Affairs in Order, Check
Are you taking care of business? In the event of an unexpected illness or untimely death, will your loved ones grieve over the chore you’ve left behind for them or will they grieve for you?
I was always taken by the story of the famous Delany Sisters, twin sisters who lived to be over 100 years old. They became famous when their oral history, Having Our Say, stayed on the New York Times bestseller list for nearly three years. They were civil rights pioneers and educators, and they took take care of each other until Bessie died at 104. Sadie lived until she was 110 and wrote her third book at 107. I couldn’t have imagined one day I’d get to know a set of twins who would enamor me in the same way.
I met Kellie and Mellie when they were 88 years young. The twins had each lost their husbands years earlier. Kellie was active in church and was the cutest, spunkiest little lady you’d ever want to meet. Despite her age, she was a fashionista, keen and sharp-witted. At 90 she still walked the runway of the annual church fashion show and loved turning heads. Kellie was vibrant, enthusiastic and, as she liked to say, “On fire for the Lord.”
Mellie, her twin, was demure, quiet and had been recently diagnosed with Alzheimer’s. She would often point to the one deep dimple on her left cheek and whisper, “This is the one thing that I have that Kellie doesn’t have, but I’d give it to her if I could.”
We met in an elevator at church on a Saturday afternoon. I knew instantly Kellie was a caregiver. Kellie had the look in her eyes all weary caregivers possess, and she was eager to talk to someone who understood her plight. Kellie had two adult children and Mellie had one daughter. Kellie explained that she needed someone to help her plan for the care of her sister on a day-to-day basis. Intuitively, Kellie saw that I could help her move out of the weariness of unconscious caregiving and into empowerment through recognition of the caregiver’s task.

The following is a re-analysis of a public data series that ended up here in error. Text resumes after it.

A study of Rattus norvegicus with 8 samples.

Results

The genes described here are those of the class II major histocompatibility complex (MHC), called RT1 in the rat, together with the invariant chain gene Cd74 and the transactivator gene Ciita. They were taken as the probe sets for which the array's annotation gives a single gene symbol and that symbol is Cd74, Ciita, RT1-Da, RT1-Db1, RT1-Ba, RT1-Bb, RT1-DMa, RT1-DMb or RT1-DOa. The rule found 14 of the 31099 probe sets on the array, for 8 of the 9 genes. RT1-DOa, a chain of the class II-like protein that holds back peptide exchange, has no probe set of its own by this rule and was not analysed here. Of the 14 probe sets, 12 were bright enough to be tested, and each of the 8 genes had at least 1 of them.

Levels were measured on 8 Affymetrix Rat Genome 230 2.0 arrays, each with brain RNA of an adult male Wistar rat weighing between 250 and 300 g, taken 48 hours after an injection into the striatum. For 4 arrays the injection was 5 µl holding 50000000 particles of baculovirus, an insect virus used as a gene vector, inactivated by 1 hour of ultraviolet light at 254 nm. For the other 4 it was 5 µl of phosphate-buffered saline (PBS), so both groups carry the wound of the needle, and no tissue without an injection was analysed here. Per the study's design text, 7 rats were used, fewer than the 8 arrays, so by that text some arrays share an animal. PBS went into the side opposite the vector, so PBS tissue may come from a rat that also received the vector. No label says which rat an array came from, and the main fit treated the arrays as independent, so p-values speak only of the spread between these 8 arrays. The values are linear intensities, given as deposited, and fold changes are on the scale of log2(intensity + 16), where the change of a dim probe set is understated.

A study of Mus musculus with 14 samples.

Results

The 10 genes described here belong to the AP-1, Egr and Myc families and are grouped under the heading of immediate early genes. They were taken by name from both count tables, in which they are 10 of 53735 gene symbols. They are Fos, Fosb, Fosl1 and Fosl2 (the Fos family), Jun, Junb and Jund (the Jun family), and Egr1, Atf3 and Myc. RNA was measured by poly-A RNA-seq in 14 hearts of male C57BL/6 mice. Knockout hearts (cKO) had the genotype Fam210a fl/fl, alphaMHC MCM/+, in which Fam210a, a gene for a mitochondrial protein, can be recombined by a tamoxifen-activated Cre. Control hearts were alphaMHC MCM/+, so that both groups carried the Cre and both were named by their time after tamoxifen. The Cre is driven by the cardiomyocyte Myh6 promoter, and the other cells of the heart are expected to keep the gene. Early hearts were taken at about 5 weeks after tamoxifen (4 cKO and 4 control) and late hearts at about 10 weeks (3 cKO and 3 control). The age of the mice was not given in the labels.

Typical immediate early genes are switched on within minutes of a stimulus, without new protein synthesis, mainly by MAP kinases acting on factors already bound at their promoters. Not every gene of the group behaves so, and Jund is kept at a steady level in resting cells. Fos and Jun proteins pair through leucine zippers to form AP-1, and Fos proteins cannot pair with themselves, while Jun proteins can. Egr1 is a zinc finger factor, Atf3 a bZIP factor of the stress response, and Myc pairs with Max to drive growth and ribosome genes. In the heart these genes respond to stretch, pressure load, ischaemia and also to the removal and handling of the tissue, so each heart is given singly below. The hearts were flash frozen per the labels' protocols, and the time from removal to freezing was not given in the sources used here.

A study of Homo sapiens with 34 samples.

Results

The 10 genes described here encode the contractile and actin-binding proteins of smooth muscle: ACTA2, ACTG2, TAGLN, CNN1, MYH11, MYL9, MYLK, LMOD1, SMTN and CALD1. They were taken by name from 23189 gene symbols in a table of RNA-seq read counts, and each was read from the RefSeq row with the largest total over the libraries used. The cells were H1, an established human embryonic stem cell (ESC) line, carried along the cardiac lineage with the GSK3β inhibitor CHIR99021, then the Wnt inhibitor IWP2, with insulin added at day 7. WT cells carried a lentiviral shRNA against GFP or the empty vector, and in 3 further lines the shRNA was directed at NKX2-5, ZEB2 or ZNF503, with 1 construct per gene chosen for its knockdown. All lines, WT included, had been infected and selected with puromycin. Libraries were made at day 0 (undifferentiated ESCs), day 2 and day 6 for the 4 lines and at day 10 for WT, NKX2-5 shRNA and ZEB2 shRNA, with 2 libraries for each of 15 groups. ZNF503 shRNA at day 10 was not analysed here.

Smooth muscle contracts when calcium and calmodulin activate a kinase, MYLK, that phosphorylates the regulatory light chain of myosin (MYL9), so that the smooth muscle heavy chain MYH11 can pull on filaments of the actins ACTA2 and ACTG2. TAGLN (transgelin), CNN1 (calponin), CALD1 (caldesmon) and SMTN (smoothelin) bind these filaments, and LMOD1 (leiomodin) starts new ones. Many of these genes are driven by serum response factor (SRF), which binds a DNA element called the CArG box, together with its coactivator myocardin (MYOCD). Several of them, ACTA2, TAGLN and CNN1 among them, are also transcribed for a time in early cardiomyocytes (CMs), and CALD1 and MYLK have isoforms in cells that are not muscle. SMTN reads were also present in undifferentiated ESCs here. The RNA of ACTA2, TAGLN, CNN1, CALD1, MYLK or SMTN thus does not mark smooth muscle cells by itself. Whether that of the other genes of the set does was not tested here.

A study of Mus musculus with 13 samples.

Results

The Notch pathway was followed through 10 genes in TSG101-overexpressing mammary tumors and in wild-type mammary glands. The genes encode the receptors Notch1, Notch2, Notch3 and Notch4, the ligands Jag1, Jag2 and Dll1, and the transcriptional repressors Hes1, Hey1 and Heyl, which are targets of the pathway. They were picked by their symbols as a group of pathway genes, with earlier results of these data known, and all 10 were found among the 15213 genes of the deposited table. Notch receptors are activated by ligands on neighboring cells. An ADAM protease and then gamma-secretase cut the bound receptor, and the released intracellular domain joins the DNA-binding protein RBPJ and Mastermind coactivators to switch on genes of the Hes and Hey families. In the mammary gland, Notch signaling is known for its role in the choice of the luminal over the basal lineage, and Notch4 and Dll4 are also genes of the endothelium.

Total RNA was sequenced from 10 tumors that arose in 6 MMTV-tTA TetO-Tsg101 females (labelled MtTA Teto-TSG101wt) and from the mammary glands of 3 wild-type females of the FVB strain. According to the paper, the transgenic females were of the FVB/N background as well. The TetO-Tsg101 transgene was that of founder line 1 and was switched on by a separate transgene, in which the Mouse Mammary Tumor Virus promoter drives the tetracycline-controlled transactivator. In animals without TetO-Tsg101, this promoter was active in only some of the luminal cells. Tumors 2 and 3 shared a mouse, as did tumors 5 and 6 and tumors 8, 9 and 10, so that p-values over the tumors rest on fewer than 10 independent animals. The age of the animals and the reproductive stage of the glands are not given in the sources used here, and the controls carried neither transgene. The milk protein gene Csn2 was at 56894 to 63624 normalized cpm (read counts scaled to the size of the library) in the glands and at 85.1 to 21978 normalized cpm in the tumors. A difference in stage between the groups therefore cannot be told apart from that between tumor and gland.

Kellie talked about how close she and her twin sister had always been. She relayed the story of how, years earlier, she had gone to Pittsburg to visit Mellie, whom she had not seen in quite a while. When Kellie arrived at her sister’s home, she was surprised to see her sister had the exact same living room set and bedroom set she had at home. Though hundreds of miles apart, they still had the same taste and preferences and the same peculiarities.
After consulting with Kellie’s son, we put a plan in place that allowed Kellie to hire a caregiver who would come in a couple of times a week. We later added an Adult Day Program so twice a week, Mellie would have a place to go for her own social outlet. As suspected, at first, Mellie resisted, but eventually she got used to the idea of getting out of the house and having activities of her own, an important part of her long-term care therapy. Mellie looked forward to the attention she received at the Adult Day Program and grew quite fond of one volunteer in particular. Miss Pauline took a special interest in Mellie and would paint her fingernails with fun colors and tell her tall tales and engaging stories.
I also introduced Kellie to the Caregiver’s Support Group I attended. By this time, I was sold on the value and importance of a support group for every caregiver. This provided an outlet where Kellie could learn from other caregivers as well as learn about additional resources available to her. Our next stop was the local chapter of the Alzheimer’s Association. We needed to educate Kellie on this disease and provide tools to assist her as things became more challenging. The Alzheimer’s Association is a necessary and valuable resource for anyone dealing with any form of dementia. The local chapter of the Association has a 24-hour help line available that Kellie was able to utilize.
Kellie was keen on taking care of Mellie by herself and only asked for help whenever she really needed it. They had a sister in Nevada who would come out periodically to help, and once or twice a year they would go out to visit her. This allowed Kellie a much needed respite, time to travel and to do the things she wanted to do.
During one of their visits to Nevada, Mellie’s daughter said she wanted to take her mom to church. Unfortunately, Mellie’s daughter had a history of mental illness and there had always been concern about her motives regarding her mother. On this particular Sunday however, she was allowed to take Mellie to church. The time came for their return and there was no sign of them. The daughter did not respond to phone calls and she would not respond when family members appeared at her home.